Governor Martin O’Malley’s prognosis on the future of Question 6: we’re making progress, we need more money
September 25, 2012
By Jacob Combs
Last night, I had the opportunity to participate in a press call with Josh Levin, campaign manager for Marylanders for Marriage Equality, and Governor Martin O’Malley, who has been a key figure in the ballot campaign to approve Question 6 and protect the marriage equality law passed by the state legislature earlier this year. There were two big takeaways from the evening’s call: first, the campaign is doing well and Question 6 looks like it has a fair shot of being approved by the voters, and second, the campaign has a good deal more cash it has to raise before the election.
Governor O’Malley started the call by pointing to the factors that could lead to a success for marriage equality in Maryland, touching first on the ballot language, which includes thorough protections for freedom of religious conscience: in fact, the question’s language has four main clauses, three of which pertain to religious protections. This clear language, O’Malley and campaign manager Josh Levin said, provides Question 6 some protection from two of the tactics marriage equality opponents often use during ballot campaigns: first, that equal marriage laws will force clergy members to violate their own beliefs, and secondly that the language of the ballot measure is being used to obfuscate the true intention of the law.
The other cause for optimism in Maryland is the polling: a poll from early August showed voters support the measure by a 54-40 margin, although neither side expects the final vote to show such a lop-sided margin. Levin said last night that the campaign fully expects the numbers to tighten as ads start going up and the election nears, but added that current polling shows Question 6 within one point in the mid-40s when it comes to black voters, the best numbers any marriage equality campaign has seen. (Black voters make up about a quarter of the state’s electorate.) In addition, the measure polls at around 30 percent with Maryland Republicans, some two times the amount of support it has gained in other states.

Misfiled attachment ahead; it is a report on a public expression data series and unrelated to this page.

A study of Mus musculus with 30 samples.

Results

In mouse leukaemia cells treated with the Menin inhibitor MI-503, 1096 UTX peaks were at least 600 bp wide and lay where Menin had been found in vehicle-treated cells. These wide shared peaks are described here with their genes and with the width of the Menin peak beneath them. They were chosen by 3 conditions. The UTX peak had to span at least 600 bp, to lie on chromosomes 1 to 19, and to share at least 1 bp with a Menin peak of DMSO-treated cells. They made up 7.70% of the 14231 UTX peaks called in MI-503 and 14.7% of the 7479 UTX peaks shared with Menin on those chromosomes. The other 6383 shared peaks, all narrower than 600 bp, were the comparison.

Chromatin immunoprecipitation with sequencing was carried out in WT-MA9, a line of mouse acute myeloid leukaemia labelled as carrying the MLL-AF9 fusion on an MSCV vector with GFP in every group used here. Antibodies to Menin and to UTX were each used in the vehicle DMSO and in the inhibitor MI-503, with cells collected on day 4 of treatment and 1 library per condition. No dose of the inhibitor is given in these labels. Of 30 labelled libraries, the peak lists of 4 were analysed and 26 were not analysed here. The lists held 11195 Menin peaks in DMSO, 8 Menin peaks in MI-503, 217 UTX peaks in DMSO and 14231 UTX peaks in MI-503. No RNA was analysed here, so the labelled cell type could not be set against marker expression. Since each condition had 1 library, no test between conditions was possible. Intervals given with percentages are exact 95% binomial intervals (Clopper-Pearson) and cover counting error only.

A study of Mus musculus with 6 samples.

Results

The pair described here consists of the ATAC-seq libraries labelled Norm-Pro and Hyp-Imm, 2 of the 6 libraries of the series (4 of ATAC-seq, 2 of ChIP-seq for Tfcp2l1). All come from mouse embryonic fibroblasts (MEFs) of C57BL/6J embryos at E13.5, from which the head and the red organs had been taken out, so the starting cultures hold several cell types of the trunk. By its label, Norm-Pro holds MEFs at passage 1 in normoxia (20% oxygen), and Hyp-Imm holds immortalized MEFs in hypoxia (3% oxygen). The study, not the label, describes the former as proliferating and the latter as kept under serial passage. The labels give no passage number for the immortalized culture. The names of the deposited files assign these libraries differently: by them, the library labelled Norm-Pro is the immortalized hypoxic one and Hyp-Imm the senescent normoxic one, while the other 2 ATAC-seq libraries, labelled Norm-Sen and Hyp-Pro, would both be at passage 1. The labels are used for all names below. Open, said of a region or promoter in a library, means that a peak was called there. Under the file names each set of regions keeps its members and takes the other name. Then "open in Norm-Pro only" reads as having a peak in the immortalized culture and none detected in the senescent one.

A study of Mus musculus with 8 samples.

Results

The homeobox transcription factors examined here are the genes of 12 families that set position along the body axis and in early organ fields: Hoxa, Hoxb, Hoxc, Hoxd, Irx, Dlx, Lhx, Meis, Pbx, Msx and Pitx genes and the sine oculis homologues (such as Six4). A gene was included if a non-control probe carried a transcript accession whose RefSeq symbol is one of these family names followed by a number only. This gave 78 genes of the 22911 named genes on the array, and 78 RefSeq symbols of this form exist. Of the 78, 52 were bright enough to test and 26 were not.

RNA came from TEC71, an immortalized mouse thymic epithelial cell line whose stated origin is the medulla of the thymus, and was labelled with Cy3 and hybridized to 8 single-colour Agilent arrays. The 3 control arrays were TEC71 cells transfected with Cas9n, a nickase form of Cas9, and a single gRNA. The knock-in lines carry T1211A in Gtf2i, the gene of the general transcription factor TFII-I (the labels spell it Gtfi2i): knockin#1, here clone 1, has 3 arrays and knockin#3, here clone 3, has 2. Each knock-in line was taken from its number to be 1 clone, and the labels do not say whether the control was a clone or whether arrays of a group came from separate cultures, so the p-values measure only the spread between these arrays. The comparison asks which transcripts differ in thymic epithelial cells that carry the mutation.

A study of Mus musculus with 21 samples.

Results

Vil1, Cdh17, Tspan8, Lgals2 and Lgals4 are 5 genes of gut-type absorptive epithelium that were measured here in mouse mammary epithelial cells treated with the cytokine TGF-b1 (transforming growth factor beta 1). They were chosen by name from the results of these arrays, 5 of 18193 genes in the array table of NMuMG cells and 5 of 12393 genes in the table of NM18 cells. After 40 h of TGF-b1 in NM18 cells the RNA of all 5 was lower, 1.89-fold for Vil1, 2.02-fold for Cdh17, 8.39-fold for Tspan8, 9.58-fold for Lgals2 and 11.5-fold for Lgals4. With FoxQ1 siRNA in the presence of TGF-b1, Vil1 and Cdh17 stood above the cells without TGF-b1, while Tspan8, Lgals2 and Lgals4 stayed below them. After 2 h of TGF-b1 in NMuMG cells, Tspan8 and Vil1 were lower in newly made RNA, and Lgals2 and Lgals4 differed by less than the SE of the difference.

But, as always, campaigns take money, and Governor O’Malley admitted that the Vote for Question 6 side still needs “another couple million dollars” before election day. Julie Bolcer of The Advocate asked the campaign what the plan is to raise the extra $2 million, to which Governor O’Malley pointed out that Maryland isn’t California or New York (states with expensive media markets) and that the goal is feasible. Josh Levin also chimed in that the majority of the campaign’s money is coming from inside the state. When pressed by the Washington Blade‘s Michael Lavers, Levin declined to share how much the campaign had raised, to which O’Malley responded, “Oh really?” The governor then added, “We’re beyond the 50-yard line and we continue to move forward, not back.”
The 2012 election is a high-risk, high-reward one for marriage equality. We could see four states stand up for the marriage rights of gay and lesbian citizens, or we could see our opponents add four more states to their already impressive winning record. But it’s important to take a step back and note the importance of what makes this year different. Marriage equality advocates are defending equal marriage laws that have already passed two state legislatures. Voters will be given the opportunity to vote yes on ballot measures that would provide equality, not no on ballot questions like Prop 8 that would take them away. And a sitting governor is taking a strong leadership position in the campaign to bring marriage equality to his state. There’s much work to do in the next month and a half, but 2012 already shows that this movement is making, and continues to make, great strides.